American Academy of Allergy, Asthma and Immunology Annual Meeting

American Academy of Allergy, Asthma and Immunology Annual Meeting

Source:

Kim E, et al. Abstract L2. Presented at: AAAI Annual Meeting; Feb. 26-March 1, 2021 (virtual meeting).

Disclosures: Kim reports that this study was funded by Food Allergy Research and Education.
March 02, 2021

Source:

Kim E, et al. Abstract L2. Presented at: AAAI Annual Meeting; Feb. 26-March 1, 2021 (virtual meeting).

Disclosures: Kim reports that this study was funded by Food Allergy Research and Education.

Edwin Kim, MD, MS, associate professor of medicine and pediatrics in the division of rheumatology, allergy and immunology at the University of North Carolina, and colleagues conducted a double-blind, placebo-controlled food challenge among 50 toddlers aged 1 to 4 years with confirmed peanut allergy.

They randomly assigned toddlers to receive either peanut sublingual immunotherapy (PNSLIT) at a daily maintenance dose of 4 mg peanut protein for 36 months or a placebo. Among the 50 participants, 19 in the therapy arm and 17 in the placebo arm completed the desensitization double-blind, placebo-controlled food challenge.

“The median amount that the kids on treatment were able to eat was the maximum that we pushed it to, which is 4,443 mg, without any symptoms at all, compared to just 143 mg in the placebo group,” Kim told Healio.

Of the 19 toddlers receiving PNSLIT, 14 passed the desensitization food challenge compared with none in the placebo group, the researchers reported. After 3 months, 12 toddlers in the therapy arm passed a sustained unresponsiveness analysis compared with in the placebo group.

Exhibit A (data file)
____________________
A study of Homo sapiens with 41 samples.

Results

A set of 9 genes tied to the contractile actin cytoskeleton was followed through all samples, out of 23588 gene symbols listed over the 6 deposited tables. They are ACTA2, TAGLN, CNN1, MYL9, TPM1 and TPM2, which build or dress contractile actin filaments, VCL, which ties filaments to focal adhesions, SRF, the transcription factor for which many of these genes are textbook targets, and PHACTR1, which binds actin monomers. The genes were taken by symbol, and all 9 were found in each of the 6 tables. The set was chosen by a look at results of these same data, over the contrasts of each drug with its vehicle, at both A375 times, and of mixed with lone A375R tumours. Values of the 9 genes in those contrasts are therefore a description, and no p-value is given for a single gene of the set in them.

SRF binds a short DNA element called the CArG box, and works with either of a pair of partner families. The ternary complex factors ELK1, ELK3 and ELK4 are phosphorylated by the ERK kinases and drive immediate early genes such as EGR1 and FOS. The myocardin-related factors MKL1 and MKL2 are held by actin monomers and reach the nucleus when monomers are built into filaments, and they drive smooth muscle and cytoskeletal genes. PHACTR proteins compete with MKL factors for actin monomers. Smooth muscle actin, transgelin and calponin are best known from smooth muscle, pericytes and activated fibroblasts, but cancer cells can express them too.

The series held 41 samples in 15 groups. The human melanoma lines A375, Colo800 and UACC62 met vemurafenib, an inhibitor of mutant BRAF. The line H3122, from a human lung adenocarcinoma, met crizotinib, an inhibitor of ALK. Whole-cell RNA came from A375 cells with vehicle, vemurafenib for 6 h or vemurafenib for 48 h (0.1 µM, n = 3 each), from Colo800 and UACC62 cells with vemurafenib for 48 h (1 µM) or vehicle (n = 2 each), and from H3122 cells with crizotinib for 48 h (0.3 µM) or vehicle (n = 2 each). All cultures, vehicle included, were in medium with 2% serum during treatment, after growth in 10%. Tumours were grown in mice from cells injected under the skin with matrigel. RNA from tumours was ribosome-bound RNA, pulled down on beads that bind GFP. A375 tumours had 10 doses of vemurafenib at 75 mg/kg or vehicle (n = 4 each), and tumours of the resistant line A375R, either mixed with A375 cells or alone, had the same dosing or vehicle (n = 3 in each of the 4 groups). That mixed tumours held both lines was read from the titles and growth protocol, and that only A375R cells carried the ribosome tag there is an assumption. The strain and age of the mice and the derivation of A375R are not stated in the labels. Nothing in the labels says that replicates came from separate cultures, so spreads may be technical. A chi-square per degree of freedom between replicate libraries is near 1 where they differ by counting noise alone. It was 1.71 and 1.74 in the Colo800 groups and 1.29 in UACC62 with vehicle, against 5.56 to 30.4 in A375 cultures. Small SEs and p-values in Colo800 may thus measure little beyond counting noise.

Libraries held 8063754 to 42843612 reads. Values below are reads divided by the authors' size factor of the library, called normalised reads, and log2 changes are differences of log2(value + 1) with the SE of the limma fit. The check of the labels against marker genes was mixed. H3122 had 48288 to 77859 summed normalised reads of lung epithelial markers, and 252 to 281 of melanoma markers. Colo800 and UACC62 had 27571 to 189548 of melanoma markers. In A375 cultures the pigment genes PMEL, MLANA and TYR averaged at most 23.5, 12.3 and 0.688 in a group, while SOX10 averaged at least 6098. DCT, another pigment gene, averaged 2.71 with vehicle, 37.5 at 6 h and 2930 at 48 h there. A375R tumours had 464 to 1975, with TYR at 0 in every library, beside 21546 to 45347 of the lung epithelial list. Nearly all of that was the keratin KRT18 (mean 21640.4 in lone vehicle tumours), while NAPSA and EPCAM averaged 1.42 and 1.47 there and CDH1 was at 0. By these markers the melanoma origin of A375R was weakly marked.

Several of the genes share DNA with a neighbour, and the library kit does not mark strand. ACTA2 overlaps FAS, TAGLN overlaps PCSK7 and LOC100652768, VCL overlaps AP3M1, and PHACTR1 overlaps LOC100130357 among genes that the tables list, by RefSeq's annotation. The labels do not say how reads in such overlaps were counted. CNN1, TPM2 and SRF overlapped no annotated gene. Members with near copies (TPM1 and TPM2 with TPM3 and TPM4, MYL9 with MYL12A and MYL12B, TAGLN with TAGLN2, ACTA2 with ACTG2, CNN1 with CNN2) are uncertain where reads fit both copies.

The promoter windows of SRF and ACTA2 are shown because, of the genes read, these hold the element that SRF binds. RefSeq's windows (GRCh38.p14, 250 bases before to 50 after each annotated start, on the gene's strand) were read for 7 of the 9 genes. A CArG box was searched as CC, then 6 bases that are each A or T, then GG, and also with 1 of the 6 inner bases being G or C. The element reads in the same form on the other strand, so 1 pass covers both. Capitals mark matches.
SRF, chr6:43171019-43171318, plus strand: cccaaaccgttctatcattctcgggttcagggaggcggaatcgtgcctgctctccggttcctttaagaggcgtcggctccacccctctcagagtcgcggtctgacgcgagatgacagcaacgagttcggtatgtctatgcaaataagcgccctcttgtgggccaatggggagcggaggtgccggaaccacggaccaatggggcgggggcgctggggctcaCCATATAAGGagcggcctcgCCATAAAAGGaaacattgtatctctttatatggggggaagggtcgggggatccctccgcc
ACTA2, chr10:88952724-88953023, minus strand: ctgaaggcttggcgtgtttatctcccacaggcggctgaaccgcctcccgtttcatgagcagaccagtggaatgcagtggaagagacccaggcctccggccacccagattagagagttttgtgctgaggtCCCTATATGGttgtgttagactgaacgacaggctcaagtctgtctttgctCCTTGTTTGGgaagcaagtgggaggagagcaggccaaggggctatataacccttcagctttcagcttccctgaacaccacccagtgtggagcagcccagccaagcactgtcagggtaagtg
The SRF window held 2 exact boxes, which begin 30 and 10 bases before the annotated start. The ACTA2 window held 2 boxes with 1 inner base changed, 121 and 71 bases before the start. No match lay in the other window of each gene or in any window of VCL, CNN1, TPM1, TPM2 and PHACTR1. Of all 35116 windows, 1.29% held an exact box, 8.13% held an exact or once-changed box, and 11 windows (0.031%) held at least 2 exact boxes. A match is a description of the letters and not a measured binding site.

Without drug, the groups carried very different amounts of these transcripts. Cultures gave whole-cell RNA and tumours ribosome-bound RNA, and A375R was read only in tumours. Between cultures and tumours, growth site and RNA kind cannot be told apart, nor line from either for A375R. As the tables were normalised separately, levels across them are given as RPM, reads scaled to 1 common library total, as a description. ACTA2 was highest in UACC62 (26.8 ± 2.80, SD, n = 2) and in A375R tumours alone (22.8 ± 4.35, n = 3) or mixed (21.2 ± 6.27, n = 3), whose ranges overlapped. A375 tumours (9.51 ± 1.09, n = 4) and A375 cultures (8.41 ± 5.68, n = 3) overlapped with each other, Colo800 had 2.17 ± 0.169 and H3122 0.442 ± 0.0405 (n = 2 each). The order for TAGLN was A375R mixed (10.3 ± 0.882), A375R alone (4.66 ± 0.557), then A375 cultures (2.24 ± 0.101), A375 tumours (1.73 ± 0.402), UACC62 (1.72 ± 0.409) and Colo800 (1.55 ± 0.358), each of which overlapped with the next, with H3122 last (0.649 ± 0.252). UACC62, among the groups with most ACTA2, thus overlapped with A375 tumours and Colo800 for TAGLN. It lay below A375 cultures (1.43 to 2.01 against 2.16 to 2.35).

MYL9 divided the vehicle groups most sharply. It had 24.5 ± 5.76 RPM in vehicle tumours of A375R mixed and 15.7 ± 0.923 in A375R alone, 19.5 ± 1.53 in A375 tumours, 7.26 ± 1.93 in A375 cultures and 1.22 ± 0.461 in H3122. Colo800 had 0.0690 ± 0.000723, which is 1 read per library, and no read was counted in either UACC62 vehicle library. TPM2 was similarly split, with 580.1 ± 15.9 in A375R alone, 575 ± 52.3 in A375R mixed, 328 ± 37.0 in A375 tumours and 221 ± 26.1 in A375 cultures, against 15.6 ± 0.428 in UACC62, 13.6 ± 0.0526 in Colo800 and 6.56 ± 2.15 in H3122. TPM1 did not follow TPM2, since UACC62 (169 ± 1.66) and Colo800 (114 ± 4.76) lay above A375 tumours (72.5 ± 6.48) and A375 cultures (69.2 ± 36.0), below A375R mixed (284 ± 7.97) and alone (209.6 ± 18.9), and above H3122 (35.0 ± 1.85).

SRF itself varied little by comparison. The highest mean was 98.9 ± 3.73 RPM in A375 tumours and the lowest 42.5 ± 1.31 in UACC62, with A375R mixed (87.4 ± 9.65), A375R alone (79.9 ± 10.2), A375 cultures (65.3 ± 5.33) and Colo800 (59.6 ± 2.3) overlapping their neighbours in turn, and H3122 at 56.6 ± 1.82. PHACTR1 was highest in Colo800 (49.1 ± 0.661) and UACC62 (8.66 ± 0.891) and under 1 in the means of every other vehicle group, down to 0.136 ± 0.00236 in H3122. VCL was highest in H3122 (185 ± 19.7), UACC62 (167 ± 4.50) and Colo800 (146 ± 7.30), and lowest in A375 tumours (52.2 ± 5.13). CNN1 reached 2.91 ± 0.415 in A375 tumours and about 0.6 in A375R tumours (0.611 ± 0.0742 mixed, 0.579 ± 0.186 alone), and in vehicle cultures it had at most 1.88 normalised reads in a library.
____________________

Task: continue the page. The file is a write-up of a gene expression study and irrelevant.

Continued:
Peanut skin prick tests decreased in the PNSLIT group from 10 mm to 3.25 mm and increased slightly in the placebo group from 11.5 mm to 12 mm.

“Our goal is to be able to push sublingual immunotherapy forward in development ... to be one other option for patients to choose from,” Kim said.

Kim said the findings built on data from previous research that assessed peanut sublingual immunotherapy in school-aged children.

“What we are interpreting these data to say is, kids who are older absolutely can benefit from this sublingual treatment, but these data do suggest that perhaps being able to start it earlier, start younger, may be even better,” Kim said.

Kim said that if sublingual immunotherapy comes within the first year of the diagnosis of peanut allergy, it “may have the potential to have an even stronger and a longer lasting benefit.”

When assessing symptoms, Kim said older children, specifically teens, tend to have very mild ones — itching of the mouth and a mild rash were most common.

“No patients needed epinephrine to treat any of their side effects, even though all of this dosing — 99.9% of dosing — is done at home,” he said. “Despite that, again, epinephrine wasn't needed because the symptoms were generally mild.”

Kim said the mild symptoms appeared in only 5% of children, whereas the other 95% remained symptom free.

“We think that when it comes to peanut allergy treatment in the future, we really think that options are going to be critical for patients,” Kim said.